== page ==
The opinions expressed in this article are the writer’s own and do not reflect the views of Her Campus.

As a warning, there are some minor spoilers to Turning Red in this article! 

For most of my life, I wasn’t able to relate to coming-of-age films. The movies I watched as a kid would follow cis, straight, white women who experienced conflict revolving a similarly straight white cis men. I was disappointed that I wasn’t able to find movies where the protagonist came from an Asian background and faced the same struggles I had. Even as I approached my teens, the closest tie I had was Crazy Rich Asians, which primarily revolved around relationships that I hadn’t even experience yet.  

At the age of twenty, I finally got the representation that came in the form of Turning Red. I wasn’t sure what to expect, only hearing from friends that it was good. With that in mind, my boyfriend, his parents, and I sat down to watch it. Ever major interaction between Meilin Lee and her mother, Ming, reminded me of the interactions I had with my mother in my adolescent years. To elaborate, I share a lot of characteristics with the movie’s protagonist: I’m an only child, I’m Asian, and I had the same dynamic that Meilin and her parents have, particularly the overbearing mother and relaxed father.  

Suffice to say, I was able to relate to every major interaction between Meilin and Ming. I cackled at the way Ming doted on her Mei-Mei, recalling how my own mother panicked when I first started my period and embarrassed me with a plethora of pads in my backpack. I cringed whenever Ming involved herself in certain situations to the detriment of her daughter, recognizing that my own mother would fiercely protect me because I’m her “anak”, or daughter in Tagalog. I even teared up when Meilin encountered a younger version of her mother in the Sun Yee’s world, particularly when Ming cried over being “good enough” as a daughter.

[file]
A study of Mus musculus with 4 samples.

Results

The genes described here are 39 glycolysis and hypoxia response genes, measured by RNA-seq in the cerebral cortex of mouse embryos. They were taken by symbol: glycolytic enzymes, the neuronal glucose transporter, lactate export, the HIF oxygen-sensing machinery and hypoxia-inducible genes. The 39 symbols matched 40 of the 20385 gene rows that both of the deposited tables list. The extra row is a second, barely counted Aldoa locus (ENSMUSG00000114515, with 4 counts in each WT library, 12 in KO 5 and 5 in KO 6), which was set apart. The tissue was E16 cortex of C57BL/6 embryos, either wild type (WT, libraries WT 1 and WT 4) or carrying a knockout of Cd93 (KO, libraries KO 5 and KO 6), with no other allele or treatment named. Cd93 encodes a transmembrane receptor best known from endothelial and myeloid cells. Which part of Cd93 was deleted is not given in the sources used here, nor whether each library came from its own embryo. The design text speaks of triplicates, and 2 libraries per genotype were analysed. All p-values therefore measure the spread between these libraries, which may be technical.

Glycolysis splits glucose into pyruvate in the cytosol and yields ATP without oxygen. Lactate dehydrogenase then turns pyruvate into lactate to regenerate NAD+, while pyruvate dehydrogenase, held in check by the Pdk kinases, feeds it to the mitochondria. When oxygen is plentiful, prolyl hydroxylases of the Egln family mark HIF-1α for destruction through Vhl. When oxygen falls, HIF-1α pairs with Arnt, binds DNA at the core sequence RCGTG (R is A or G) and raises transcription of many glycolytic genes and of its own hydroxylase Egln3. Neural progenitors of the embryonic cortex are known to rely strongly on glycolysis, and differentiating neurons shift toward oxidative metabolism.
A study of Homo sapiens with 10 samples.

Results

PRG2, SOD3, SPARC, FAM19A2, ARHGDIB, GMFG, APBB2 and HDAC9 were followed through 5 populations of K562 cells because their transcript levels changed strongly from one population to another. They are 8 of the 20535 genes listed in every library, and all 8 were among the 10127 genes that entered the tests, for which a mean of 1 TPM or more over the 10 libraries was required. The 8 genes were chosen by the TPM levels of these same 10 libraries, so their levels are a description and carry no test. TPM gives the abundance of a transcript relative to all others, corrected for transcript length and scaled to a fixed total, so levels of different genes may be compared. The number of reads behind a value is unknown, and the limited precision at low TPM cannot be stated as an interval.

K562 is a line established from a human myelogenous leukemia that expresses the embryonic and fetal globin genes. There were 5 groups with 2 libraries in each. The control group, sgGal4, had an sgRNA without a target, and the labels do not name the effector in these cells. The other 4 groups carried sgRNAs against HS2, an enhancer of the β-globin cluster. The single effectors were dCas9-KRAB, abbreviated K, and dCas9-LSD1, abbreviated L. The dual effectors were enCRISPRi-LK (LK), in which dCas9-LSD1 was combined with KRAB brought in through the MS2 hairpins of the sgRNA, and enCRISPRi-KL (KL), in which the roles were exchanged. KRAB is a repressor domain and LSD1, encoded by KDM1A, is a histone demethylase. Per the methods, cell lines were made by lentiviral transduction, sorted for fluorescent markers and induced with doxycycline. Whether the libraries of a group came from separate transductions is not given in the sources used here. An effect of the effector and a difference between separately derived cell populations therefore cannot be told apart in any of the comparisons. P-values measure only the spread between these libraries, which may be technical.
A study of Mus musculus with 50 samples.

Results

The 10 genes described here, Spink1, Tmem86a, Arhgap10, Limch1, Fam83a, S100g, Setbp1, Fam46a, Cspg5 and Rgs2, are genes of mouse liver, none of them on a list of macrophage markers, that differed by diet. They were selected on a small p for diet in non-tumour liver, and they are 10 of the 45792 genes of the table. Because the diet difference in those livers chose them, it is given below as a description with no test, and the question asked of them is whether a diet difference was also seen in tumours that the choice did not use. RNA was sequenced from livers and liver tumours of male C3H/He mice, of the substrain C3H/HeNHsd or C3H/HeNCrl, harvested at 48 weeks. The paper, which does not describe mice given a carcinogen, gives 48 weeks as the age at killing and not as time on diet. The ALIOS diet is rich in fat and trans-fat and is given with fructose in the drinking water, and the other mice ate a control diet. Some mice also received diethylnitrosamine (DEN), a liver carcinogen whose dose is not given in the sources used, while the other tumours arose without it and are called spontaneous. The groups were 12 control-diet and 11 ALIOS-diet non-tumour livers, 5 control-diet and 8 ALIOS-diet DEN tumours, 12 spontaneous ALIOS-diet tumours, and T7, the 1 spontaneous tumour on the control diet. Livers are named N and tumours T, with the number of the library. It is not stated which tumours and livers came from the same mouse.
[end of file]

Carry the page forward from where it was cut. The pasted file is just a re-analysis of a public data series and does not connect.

There are so many details in the movie that resonated in terms of the way “Asian parental standards” are addressed. My mother may not care about grades (so long as I’m passing), or the way I express myself, but the worry of not aligning with her own perception of an Asian woman can be daunting. Turning Red does such a wonderful job in addressing the intergenerational burden that many children share, as parental approval can be to the detriment of who we are and how we develop as adults. While I may not be the “ideal” child, the idea of being a disappointment can be soul-crushing.

Karly Jones via Unsplash

Turning Red does so many things for people of color, particularly those who come from the cultural background that I had. This is why, at twenty, I fully recommend watching a movie geared towards teens who are just figuring themselves out. I would have loved to have this when I was younger, yet I can find comfort despite where I’m at in life.

Kayla Batchelor

UC Riverside '23

I'm an English major that is dedicated to writing about mental health, entertainment, relationships, politics, LGBTQIA+ issues, and literature.